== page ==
We all have heard or have told a story about that huge fish, which seems to grow in strength and size as the years go by but didn’t quite make it onto the supper table. Then there are those embarrassing fishing incidents that shouldn’t have really happened. Some of these stories or incidents can be believed and some are . . . well just tall tales.
My first memory of fishing is when my Dad had taken me out to a lake near Calgary. I’m maybe five or six and had the understanding at that time that there were huge and gigantic rainbow trout in this lake that were at least 15 – 20 cm (6” – 8”) in length. On a warm summer evening we were standing on a dock when a fish took my lure. I must have got a little excited because I fell into the water. When my Dad grabbed me by the shirt collar and hauled me out, I was still reeling in this monster that had pulled me in. I wasn’t about to let my first fish get away. Little did I know that this was my first time that I had narrowly escaped being eaten by an enormous fish.
In the South Pacific there are flying fish, which average about 30 cm (one foot) in length and can fly or more accurately glide 30 – 50 meters (100’ to 160’) in the air before they enter back into the water. During this flight they can reach speeds of up to 60 km/h (37 mph) and can alter their coarse and projected entry. They usually take flight when trying to escape larger predators like swordfish and tuna.
While sailing along one night I was out in the cockpit trying to locate the Southern Cross. This is a major constellation in the Southern Hemisphere that can be used to determine where the South Pole is. On this beautiful warm starry night, Pleione is sailing along nicely at about three and half to four knots. Even at two in the morning it is still over seventy degrees out, so I’m in a T-shirt and cut-offs and trying to find this constellation. When all of a sudden something out of the night hit me in the middle of the chest with a fair impact and scared the hell out of me. It took me a few seconds to calm down and when I did I heard this fluttering and flapping noise near me. I had to go down below and get a flashlight to see what was making all this noise, which turned out to be a 20 cm (8”) flying fish. I didn’t get a bruise but the chest was sure tender for a day or so. The flying fish was eaten for breakfast the next morning. Later I found out that if you leave a cabin light on at night this would help attract even more of these flying fish. I don’t recommend this way of catching fish, as this can be a little hard on the nerves. This was the first time I was ever attacked by a fish.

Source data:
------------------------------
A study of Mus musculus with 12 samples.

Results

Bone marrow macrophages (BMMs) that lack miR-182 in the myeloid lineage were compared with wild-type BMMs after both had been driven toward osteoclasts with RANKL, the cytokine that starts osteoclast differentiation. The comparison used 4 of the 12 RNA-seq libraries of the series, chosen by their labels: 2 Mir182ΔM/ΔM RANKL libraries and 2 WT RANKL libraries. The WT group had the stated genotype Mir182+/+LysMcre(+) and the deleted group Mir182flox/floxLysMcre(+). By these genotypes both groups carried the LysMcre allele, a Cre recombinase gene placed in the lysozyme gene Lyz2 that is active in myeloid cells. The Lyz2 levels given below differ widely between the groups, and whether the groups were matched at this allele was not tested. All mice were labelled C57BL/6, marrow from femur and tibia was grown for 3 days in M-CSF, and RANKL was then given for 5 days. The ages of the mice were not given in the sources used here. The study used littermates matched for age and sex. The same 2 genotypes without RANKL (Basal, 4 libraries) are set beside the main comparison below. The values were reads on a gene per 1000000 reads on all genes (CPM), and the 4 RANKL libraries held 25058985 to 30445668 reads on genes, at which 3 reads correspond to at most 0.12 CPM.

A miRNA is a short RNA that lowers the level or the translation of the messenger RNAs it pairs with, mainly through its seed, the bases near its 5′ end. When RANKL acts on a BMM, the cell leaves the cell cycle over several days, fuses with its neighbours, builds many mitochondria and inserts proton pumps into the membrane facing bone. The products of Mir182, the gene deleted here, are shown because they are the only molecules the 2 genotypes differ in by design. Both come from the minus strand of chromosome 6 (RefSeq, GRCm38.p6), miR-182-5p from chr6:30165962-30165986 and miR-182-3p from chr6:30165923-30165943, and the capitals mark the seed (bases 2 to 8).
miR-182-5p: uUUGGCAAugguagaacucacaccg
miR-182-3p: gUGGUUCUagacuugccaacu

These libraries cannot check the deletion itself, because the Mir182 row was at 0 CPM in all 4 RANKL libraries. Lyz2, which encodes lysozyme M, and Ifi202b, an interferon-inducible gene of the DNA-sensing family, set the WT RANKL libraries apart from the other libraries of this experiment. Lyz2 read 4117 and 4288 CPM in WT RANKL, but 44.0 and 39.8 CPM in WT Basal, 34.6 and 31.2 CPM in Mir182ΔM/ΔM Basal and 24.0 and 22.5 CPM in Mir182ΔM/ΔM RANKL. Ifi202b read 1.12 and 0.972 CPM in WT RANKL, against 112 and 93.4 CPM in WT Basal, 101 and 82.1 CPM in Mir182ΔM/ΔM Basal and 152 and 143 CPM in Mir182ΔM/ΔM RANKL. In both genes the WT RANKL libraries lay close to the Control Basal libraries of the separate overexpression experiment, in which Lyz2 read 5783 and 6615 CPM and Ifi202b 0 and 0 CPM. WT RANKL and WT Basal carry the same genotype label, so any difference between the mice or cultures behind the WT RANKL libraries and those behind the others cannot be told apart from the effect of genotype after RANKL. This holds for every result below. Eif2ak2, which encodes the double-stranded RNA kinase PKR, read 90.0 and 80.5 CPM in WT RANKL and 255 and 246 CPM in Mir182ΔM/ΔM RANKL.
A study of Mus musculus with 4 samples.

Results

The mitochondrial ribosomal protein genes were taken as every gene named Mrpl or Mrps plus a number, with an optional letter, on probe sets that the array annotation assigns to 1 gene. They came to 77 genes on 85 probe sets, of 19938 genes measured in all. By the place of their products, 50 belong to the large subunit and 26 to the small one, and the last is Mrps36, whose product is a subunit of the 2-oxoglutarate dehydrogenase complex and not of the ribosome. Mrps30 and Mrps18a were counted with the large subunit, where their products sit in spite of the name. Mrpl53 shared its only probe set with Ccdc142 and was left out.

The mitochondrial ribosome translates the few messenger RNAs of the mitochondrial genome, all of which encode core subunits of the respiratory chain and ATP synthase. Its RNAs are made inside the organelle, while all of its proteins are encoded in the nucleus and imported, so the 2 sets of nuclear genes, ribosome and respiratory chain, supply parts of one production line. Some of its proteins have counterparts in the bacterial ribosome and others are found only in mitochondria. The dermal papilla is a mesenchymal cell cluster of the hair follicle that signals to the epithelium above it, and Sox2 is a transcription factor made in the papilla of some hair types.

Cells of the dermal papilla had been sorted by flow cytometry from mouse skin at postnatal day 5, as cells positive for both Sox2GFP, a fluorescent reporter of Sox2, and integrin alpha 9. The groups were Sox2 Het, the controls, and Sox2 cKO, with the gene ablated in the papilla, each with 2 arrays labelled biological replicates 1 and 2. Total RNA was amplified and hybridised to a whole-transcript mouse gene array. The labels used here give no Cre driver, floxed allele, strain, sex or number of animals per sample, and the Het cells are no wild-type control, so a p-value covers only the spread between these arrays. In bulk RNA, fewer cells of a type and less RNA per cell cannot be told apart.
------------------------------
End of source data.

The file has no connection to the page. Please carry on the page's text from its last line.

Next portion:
Nuka Hiva is an island in the Marquesas and was my first warm lush tropical island landfall which also ended up being one of my favourites. At that time Pleione had what I called a Hawaiian grass skirt on her water line and a hull that was covered with !@# $%^ )(*&^%$ goose-neck barnacles. The grass skirt was just seaweed that was either flat against the hull or fluttering out as Pleione gently moved up and down in the ocean swell, much like a hula dancer. All this growth on Pleione’s bottom was slowing her down.
The Marquesas belongs to the French government and so they have topless beaches. With the temperature in the nineties and getting hotter as the day progressed, I decided that this was a good afternoon to start cleaning the bottom. With a mask, snorkel and a paint scrapper you start to clean the bottom and are doing a great job only to find that something has taken a liking to your nipples. They are not hurt but something is definitely nibbling on them. A closer look at the situation showed that there was a lot of 50 – 76 mm (2” – 3”) fish hanging around for this free meal of fresh barnacles and would accidentally mistake my nipples for another tasty morsel. A day or so later I was talking to another offshore sailboat that was anchored nearby and I got the understanding that the first mate had the same problem and she was more than a little annoyed. After hearing this I was glad that I was at least wearing a pair of swimming trunks and that there wasn’t any bigger fish around. This is the first time that some fish have actually attacked and tried to eat me.
There are the rare occasions when I have some disturbing fishing dreams. Like the time when a huge flying fish just opened his mouth and snatched me off the fore-deck as it silently glided by. Or when a large school of deadly barracudas have surrounded me and I’ve only my diving knife with me. Then there are times when I’m in a hammock having an afternoon nap and a salt-water crocodile comes by for lunch. Somehow I manage to escape these situations like my fishing buddy Jonah.